A triumph of endurance!

DECCAN CHRONICLE. | SASHIDHAR ADIVI
Published Aug 8, 2018, 12:00 am IST
Updated Aug 8, 2018, 12:17 am IST
4 Hyderabadi runners successfully completed the world’s oldest and largest ultra marathon the Comrades Marathon in South Africa recently.
(Left to right): Diganta Roy, Gautam Pondi, Amit Kshirsagar and Srinivas Gadde
 (Left to right): Diganta Roy, Gautam Pondi, Amit Kshirsagar and Srinivas Gadde

Four Hyderabad runners Gautam Pondi, Srinivas Gadde, Amit Kshirsagar and Diganta Roy recently took part in the annual Comrades Marathon in South Africa. 

Known as the world’s largest, oldest and the most difficult ultra marathon race of 90 kilometres (approximately 56 miles), it is held annually in South Africa between the cities of Durban and Pietermaritzburg in memory of all the soldiers who died for the country.

 

Having completed the marathon successfully, the quartet shares their memories of the exhilarating challenge. Twenty five years old Gautam, a chartered accountant, took to running in 2013 after turning obese. He has since been a part of seven marathons, which has obviously led to weight loss too. “I read and heard inspiring things about the Comrades Marathon, so I wanted to give it a go,” explains Gautam, adding that completing the Mumbai Marathon in less than five hours was their ticket to the Comrades.

To get a first-hand experience of running on such hilly terrain, all the four friends embarked on a trip to Srisailam and Ooty as a part of their preparation. “We prepared hard! Since Srisailam and Ooty have similar hilly terrains, we practiced running there. We used to wake up at 3:30 am and run on the city outskirts and all that gave us the confidence to go,” reveals Gautam, who says that the marathon experience was memorable.

Amit, who is a 44-year-old IT professional, took to running in 2015 to overcome his backache, a fall-out of being overweight. 

“Long runs every Sunday motivated me to be a regular at half and full marathons,” he reveals, adding, “Although I am not a natural runner, I was able to successfully complete the marathon. So there’s a great sense of satisfaction.”

He further states that running in uneven terrains above 1400 metres was challenging. “After 42 kilometres, we came across the Valley of a thousand hills, a place completely surrounded by hills, so going through the uneven roads and hilly terrain was tough,” he recalls, adding, “We are generally used to running only 42 kilometres, but running 92 kilometres at a uniform pace for long hours was demanding.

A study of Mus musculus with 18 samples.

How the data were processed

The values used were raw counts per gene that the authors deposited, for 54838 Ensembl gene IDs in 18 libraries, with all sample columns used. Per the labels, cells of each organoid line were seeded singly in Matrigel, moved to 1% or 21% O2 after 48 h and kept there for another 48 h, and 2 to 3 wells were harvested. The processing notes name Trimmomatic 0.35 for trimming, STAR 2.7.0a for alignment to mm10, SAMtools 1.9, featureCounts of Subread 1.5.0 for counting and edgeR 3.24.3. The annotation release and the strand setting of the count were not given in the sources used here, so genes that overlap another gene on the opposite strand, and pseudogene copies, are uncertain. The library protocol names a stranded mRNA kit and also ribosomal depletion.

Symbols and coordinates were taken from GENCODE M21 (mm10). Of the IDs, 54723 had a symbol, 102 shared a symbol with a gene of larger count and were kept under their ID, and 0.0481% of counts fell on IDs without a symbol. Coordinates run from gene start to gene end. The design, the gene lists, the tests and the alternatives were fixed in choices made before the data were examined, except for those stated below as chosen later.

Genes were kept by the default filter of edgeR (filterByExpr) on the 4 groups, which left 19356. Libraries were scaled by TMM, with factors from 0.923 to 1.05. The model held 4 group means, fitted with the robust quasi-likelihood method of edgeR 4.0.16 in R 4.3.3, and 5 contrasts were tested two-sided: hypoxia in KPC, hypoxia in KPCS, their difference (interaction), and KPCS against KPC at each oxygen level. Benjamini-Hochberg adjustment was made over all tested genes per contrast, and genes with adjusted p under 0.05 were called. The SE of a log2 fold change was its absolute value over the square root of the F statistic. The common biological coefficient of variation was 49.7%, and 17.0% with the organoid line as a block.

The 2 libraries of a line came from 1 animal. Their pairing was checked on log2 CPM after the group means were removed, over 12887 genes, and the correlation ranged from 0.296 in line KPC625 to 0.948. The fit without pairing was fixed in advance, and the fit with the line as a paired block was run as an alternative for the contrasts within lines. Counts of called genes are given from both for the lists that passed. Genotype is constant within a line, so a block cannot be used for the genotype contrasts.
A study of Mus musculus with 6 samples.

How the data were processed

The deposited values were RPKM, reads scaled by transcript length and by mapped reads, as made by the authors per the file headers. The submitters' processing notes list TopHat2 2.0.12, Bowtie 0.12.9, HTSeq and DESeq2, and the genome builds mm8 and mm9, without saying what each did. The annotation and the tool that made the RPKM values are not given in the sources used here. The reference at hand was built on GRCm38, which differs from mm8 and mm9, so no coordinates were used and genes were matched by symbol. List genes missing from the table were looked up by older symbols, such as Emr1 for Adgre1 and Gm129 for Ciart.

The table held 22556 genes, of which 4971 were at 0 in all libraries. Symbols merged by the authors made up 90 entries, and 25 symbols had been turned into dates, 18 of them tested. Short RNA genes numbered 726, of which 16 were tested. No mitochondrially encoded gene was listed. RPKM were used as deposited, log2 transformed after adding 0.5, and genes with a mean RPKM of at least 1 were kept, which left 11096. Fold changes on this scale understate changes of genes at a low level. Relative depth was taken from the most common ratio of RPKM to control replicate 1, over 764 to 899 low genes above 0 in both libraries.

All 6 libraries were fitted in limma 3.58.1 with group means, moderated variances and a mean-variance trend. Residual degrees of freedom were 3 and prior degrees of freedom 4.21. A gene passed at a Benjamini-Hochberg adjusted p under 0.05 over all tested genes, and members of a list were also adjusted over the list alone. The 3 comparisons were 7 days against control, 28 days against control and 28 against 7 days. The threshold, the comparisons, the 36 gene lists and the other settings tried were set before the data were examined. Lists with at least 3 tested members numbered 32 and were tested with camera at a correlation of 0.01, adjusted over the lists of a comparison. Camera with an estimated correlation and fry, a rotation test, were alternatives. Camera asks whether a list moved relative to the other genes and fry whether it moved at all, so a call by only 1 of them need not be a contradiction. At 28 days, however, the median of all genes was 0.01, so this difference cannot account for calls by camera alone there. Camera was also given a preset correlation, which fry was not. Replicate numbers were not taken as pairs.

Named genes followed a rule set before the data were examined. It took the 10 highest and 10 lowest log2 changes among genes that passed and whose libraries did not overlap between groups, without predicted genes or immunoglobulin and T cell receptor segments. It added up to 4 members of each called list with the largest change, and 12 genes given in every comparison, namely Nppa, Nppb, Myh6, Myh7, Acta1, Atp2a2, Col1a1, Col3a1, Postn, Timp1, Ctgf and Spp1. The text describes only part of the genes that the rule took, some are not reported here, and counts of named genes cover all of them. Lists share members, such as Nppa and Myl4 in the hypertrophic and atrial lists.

The last 10 kilometres were especially challenging because we needed to cross flyovers, and had to be mentally strong too.”

The best part of the marathon was seeing the crowds on both sides, cheering the 21,000 runners all throughout. “That’s what kept me going because of which I never felt isolated from the marathon,” says 47-year-old Srinivas Gadde, who was earlier part of 28 full marathons and six ultra marathons.

Describing the experience as ‘amazing’, Srinivas adds, “Comrades Marathon is a major annual sporting event and the whole country waits to cheer the participants. Every serious runner should participate in it. It’s all about running and competing with yourself.”

Diganta Deb Roy shares that the whole objective of participating in the marathon was to enjoy the experience. “We are proud that we could complete the marathon successfully and it was a thrilling experience. The atmosphere was electrifying throughout, and we realised how fitness is an integral part of people’s lives there. We want more people to take up running and inculcate it in their life,” shares 40-year-old Diganta, who picked up running only last year.

While Srinivas completed the marathon in 9 hrs: 58 mts, Gautham finished in 10 hrs: 08 minutes; Amit in 11 hrs: 45 minutes and Digant in 10 hrs: 55 minutes.